The singular triumph of the Zionist movement is that it invented a state and a people -- Israel and Israelis -- from scratch. The first Hebrew speaking child in 1,900 years, Ittamar Ben-Avi, was not born until 1882. His father, the brilliant linguist Eliezer Ben Yehuda, created a modern language for him to speak by improvising from the language of the Bible.

The founder of the Israeli state was Theodor Herzl (1860-1904), an assimilated Viennese writer who was convinced by the Dreyfus trial in France and the horrendous right-wing anti-Semitism that resulted from it that Jews had to get out of Europe.

In 1897, he wrote the book that would essentially inaugurate the Zionist movement. It was called Der Judenstaat (which means the Jews' State or Jewish State) which was his proposal for moving the Jews out of Europe into their own country.

He didn't specify where the Jewish homeland should be. He was more concerned about quickly obtaining territory anywhere for Jews to seek refuge.

Later he decided that Palestine made the most sense because that was where the Jewish people both began and exercised self-determination in ancient times and where there already was a small minority of Jews. But he also spoke of finding a place in Africa or the Americas if Palestine was unavailable.

The reaction to Herzl's idea was primarily that he was a bit crazy. Jews committed to assimilation insisted that Jews were not a nation but a religious faith. Their nationality was French, German, Polish, Iraqi, or American -- not some imaginary Jewish nationality that had not existed for 1900 years.

As late as 1943, during the worst days of the Holocaust, the American Jewish Committee -- which adhered to that view -- resigned from the body created by American Jews to respond to the Nazi catastrophe in response to its "demand for the eventual establishment of a Jewish Commonwealth in Palestine."

Seventy plus years later, it is impossible to argue that the Israeli nation is not as authentic and worthy of recognition as any in the world (more authentic than some, in fact).

The Hebrew language is spoken by of millions of Jews and Palestinians. The Israeli culture is unique, bearing little resemblance to any other in the world. In fact, diaspora Jews have as much in common with Israelis as African-Americans have with Africans.

Israelis are not just Jews who happen to live in Palestine even though the concept of Israel-ness started just over a hundred years ago with nothing but an idea. They are Israelis, entitled to self-determination, peace and security in their own land.

And the Palestinians are every bit as much a nation. If the ultimate definition of authentic nationhood is continuous residence in a land for thousands of years, the Palestinian claim to nationhood is ironclad. They never left Palestine (except for those who either emigrated or became refugees after the establishment of Israel).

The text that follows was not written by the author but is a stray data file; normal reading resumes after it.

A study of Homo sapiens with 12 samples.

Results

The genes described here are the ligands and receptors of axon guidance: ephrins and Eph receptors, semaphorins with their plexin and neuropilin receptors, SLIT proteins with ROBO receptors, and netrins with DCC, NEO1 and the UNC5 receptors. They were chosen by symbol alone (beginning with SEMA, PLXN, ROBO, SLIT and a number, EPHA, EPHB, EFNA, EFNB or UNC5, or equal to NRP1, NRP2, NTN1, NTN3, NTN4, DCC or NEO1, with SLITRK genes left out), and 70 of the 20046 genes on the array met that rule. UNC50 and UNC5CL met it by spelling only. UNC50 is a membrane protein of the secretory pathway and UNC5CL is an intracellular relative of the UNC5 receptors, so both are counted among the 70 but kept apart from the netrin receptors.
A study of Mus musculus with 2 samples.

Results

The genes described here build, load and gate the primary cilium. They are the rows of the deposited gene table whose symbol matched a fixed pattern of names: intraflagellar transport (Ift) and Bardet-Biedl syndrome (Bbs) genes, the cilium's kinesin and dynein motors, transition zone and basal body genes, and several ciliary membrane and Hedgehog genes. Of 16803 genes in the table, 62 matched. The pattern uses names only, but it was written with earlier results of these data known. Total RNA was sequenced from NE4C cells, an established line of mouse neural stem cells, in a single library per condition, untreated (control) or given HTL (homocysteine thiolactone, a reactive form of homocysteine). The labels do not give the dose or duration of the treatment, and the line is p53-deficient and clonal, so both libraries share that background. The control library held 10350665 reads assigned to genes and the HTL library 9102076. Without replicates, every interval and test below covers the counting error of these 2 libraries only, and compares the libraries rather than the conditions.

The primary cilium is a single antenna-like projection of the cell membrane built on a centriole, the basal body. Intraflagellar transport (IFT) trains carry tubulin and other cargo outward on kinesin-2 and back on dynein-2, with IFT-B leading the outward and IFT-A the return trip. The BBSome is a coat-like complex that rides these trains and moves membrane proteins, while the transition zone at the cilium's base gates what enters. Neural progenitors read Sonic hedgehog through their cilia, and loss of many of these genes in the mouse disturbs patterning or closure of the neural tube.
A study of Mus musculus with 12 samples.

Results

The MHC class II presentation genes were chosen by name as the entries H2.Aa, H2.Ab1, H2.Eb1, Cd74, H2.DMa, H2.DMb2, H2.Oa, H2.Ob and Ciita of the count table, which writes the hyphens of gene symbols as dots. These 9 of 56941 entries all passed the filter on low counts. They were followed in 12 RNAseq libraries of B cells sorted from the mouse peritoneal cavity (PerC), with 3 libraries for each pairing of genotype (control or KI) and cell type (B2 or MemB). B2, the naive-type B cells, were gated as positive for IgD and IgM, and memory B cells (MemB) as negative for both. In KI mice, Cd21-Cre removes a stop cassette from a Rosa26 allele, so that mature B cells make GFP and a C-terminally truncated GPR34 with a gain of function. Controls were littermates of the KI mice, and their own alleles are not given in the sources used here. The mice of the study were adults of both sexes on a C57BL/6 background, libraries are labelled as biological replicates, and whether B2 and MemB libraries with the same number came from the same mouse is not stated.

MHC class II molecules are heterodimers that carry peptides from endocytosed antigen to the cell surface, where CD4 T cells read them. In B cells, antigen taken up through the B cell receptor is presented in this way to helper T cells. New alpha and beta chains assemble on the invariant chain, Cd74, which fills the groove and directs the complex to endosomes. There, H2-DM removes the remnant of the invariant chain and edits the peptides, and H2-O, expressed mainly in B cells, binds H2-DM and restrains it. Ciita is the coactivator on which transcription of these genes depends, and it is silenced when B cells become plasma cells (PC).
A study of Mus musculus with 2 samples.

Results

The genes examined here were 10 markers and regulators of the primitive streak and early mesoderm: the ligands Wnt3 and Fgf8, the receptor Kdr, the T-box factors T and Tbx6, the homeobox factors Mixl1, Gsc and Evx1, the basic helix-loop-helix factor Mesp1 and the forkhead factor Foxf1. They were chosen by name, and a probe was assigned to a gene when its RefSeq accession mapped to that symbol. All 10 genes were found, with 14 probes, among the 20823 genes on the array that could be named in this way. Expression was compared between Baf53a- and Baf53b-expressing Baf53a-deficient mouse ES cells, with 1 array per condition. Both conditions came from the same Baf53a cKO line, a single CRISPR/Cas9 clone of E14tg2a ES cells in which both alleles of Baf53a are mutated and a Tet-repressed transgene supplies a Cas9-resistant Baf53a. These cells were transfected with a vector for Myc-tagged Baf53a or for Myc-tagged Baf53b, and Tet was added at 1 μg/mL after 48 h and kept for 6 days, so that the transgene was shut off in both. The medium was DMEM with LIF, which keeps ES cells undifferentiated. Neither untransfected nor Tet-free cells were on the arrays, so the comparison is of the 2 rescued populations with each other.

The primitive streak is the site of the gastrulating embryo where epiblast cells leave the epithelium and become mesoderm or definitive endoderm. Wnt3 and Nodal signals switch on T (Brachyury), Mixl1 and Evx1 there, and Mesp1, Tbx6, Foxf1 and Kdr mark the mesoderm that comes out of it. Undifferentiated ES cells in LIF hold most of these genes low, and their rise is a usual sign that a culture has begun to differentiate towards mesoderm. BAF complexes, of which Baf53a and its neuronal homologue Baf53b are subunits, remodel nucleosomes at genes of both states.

Those who deny that Palestinians are a nation base their case on two arguments, both of which are logically incoherent. The first is that Palestinians never exercised self-determination in Palestine; they were always governed by others from ancient times to the present day.

The answer to this is: so what?

Most nation/states in the world were, for long periods of history, under the domination of others. Did the Polish nation not exist between 1790 through 1918 when it was divided up between Russia and Austria-Hungary and erased from the map? Neither Germany nor Italy existed as national entities until the 19th century. Was there no such thing as Italians or Germans? The whole argument is ridiculous, especially when offered by Israelis or Americans (or Canadians, Australians, etc.) whose national existence would have been unimaginable a few centuries ago.

Their second argument is that Palestinians never thought of themselves as Palestinians until Jews started moving into their territory.

Again, so what?

When the European Jews docked in Jaffa, Palestine in the early immigration waves of the late 19th century, there were Arabs waiting at the port. When they purchased land, it was Palestinians who had to move out. And if these Arabs didn't call themselves Palestinians until the Zionist movement began, neither did the Jews call themselves Israelis until 1948. Until then, they were just Jews. But each of the two peoples knew who they were and who the other was.

The bottom line is that today the Palestinian nation is as authentic as the Israeli nation, and vice versa. Those who think either is going away are blinded by hatred. Israelis and Palestinians know who they are. Simply put, the first part of the phrase self-determination is the word self. Both nations have the absolute right to define itself. Newt Gingrich can bloviate all he wants. The facts are facts.